Politics aside, be good citizens and support local kids
Who knew a New Yorker article could make such a buzz in Grand Junction? The July 24 article by Dan Hessler — “How Trump is Transforming Rural America” — held a mirror up to Grand Junction politics and sociology. Local reaction varied: some rejoiced in the local manifestation of the “Trump Effect;” some were saddened by the picture The New Yorker painted of our valley.
Mr. Hessler’s article thankfully highlighted one thing in particular: the disastrous state of education funding in Mesa County: “In Grand Junction, the average age of a school building is (44) years, and the district is ranked (171st) out of (178) in the state, in terms of funding per student.” Mr. Hessler also identified underfunded schools as an economic factor restricting growth and diversification: “One bright spot in the economy has been the growth of Colorado Mesa University ... but it’s hard to become a true college town when public schools are so badly underfunded.”
Regardless of your reaction to The New Yorker piece, we can agree that connection with our neighbors and an obligation to help our own communities is central to American citizenship. And we can agree that we should take commonsense steps to help our community succeed. Right? Well, this is your chance to do just that: vote in November to help our grievously underfunded schools.
In November, two measures to increase District 51’s funding for infrastructure overhaul will be on the ballot. A similar proposal came to a vote in 2011 and was rejected. Per Professor Megan Fromm’s op-ed from Sunday’s Sentinel: “The last time residents allocated money to our crumbling schools was in 2004, meaning this year’s high school graduates went through their entire K-12 career without additional county-approved funds to improve the classrooms they sat in every day.”
Citizens and businesses have banded together to form the policy group Citizens for District 51 to increase awareness of District 51’s needs, and create momentum to bail out our ailing school facilities. Via social media, the group has catalogued some startling problems at District 51’s schools:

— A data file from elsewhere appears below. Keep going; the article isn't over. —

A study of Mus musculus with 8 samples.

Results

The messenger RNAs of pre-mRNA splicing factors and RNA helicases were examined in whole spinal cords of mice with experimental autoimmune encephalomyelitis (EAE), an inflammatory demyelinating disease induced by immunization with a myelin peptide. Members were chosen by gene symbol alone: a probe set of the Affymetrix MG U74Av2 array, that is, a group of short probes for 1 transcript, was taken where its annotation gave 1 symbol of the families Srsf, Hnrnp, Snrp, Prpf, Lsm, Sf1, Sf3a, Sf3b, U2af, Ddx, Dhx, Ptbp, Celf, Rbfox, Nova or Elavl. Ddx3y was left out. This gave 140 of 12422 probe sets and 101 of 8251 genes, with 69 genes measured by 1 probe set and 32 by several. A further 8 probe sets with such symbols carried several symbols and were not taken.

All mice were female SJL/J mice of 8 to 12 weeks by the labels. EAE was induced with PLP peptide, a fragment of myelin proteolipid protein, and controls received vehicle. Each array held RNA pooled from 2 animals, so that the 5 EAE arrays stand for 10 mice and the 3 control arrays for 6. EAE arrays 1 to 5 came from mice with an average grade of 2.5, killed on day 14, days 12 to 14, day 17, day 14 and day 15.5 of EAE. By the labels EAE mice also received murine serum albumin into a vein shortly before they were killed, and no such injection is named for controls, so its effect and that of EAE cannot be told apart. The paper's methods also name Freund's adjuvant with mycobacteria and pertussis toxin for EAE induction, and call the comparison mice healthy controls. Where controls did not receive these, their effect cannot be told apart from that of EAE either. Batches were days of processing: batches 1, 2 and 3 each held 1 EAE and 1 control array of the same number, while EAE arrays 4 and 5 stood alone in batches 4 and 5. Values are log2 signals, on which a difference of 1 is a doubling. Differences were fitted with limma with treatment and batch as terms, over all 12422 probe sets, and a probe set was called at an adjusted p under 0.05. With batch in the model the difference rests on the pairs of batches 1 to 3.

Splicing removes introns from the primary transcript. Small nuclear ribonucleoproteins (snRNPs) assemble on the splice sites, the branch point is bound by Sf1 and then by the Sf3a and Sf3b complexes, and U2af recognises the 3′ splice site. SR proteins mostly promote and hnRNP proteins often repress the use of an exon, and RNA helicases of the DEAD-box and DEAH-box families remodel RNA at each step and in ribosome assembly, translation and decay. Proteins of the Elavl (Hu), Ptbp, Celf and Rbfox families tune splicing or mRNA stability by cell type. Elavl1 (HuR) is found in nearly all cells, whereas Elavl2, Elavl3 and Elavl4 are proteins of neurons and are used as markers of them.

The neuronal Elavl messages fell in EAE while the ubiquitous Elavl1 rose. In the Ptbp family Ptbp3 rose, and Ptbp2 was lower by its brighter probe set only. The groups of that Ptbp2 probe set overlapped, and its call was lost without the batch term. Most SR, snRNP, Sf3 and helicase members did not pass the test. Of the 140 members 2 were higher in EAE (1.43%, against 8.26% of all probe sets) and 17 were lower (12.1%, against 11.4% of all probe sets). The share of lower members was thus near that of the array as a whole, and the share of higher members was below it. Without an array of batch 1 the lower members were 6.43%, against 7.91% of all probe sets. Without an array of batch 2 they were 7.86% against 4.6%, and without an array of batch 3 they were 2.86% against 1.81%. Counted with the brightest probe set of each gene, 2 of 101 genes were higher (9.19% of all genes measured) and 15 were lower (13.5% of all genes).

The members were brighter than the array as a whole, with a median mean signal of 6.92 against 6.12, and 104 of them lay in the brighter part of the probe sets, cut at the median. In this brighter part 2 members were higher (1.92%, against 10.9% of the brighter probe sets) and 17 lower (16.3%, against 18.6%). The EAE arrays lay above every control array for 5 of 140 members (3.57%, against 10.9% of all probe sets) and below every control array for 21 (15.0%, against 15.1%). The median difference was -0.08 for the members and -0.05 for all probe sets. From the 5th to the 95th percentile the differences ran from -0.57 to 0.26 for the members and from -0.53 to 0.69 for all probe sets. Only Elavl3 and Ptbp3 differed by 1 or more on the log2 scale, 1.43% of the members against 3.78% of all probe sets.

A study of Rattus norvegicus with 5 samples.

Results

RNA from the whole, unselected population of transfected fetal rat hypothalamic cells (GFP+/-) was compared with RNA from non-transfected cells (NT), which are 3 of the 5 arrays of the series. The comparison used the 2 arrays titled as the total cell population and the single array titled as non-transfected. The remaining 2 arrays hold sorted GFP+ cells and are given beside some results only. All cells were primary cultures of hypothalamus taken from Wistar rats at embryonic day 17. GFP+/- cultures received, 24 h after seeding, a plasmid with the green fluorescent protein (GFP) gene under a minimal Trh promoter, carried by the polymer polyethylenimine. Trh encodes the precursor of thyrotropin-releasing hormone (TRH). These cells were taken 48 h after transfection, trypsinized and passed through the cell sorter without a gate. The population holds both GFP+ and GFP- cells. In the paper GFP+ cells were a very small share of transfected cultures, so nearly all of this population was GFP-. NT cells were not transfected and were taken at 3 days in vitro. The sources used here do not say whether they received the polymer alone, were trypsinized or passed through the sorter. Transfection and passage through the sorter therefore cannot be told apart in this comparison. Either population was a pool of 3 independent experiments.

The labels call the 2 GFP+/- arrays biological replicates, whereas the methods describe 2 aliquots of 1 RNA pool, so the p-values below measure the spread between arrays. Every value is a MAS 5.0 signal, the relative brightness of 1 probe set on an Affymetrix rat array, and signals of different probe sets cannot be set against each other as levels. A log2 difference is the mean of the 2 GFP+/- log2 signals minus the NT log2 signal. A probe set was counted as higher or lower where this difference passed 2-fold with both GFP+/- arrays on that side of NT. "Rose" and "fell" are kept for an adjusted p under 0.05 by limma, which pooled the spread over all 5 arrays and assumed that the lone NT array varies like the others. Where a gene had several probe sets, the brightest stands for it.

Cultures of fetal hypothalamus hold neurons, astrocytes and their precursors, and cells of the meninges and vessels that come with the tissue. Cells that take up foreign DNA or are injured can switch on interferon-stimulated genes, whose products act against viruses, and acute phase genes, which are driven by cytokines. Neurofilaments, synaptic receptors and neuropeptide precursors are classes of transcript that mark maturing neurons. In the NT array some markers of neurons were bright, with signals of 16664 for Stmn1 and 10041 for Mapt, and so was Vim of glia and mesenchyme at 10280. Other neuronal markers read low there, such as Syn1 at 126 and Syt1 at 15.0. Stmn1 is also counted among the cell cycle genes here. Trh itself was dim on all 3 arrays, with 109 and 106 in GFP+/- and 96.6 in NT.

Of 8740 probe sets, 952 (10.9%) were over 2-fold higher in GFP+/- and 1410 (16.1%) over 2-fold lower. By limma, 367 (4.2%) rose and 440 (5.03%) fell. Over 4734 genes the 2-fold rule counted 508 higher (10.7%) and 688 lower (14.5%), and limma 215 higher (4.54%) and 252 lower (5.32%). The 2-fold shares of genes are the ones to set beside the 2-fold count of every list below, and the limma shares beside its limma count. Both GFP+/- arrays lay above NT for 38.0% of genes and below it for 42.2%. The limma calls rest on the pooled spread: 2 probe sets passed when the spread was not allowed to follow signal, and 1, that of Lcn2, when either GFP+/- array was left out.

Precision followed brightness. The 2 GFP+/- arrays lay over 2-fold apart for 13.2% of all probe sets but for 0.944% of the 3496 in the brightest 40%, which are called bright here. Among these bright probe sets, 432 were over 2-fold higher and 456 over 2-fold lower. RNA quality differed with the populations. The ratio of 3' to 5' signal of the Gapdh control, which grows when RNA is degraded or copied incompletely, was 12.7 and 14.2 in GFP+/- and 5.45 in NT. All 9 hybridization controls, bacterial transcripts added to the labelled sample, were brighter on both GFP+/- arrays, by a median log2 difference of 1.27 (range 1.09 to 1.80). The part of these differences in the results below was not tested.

■ Chunks of missing ceiling, constant mildew odor, and deteriorating plumbing at Clifton Elementary.
■ Asbestos flooring at Orchard Avenue Elementary.
■ The widespread use of textbooks from the 1990s.
■ Several schools, including Grand Junction High, need major roof overhauls or even replacement.
■ Too many HVAC repairs to mention.
■ A plant — a literal plant — growing out of the wall at Orchard Mesa Middle School.
These are only a few of the insane number of repairs needed at schools district-wide, as documented by the “Plan” section of Citizens for District 51’s website. But, the skinny: of 39 school buildings, 18 need significant repairs or renovations. Three buildings need to be replaced entirely. If approved, the measures would raise taxes by approximately $10 per month — repeat: $10 per month — per household.
Now, I have seen the arguments against voting for the tax increase to fund these essential repairs. They are predictable, but off-base:
■ “Staff and management are paid too much:” First, locals haven’t seemed to take issue with high salaries for supervisors of other Mesa County institutions. Also, if you really want to run the schools “like a business,” you’ve got to pay your talented teachers and administrators.
■ “Kids don’t need/deserve the repairs:” Read the plan of repairs at Citizens for District 51’s website, and then see if you still believe this. If you do, then why don’t children “deserve” a nice school?
■ “My school was bad, and I turned out just fine:” First, don’t you wish your community had insisted that you had a nicer place to go to school when you were young? Second, I guess it’s fine if you believe that children ought to “pull themselves up by their bootstraps,” but let’s at least get them bootstraps that weren’t made in the 1990s with asbestos.
■ “It’s not worth the investment:” When business owners, or their potential employees, look to relocate, they look at the quality of the schools. What will these people do when they see a community unwilling to support their woefully underfunded schools?
You want a good reason for better-funded schools? Take your pick: It’s only $10 a month. It will encourage more people to come here, and more CMU graduates to stay. It’s in everyone’s interest to have an educated population. It creates tighter communities. Good teachers will stay here.
But perhaps most of all: the alternative — purposefully underfunded schools — is embarrassing. Get educated on the problems, and the minimal cost to you, then do the right thing in November.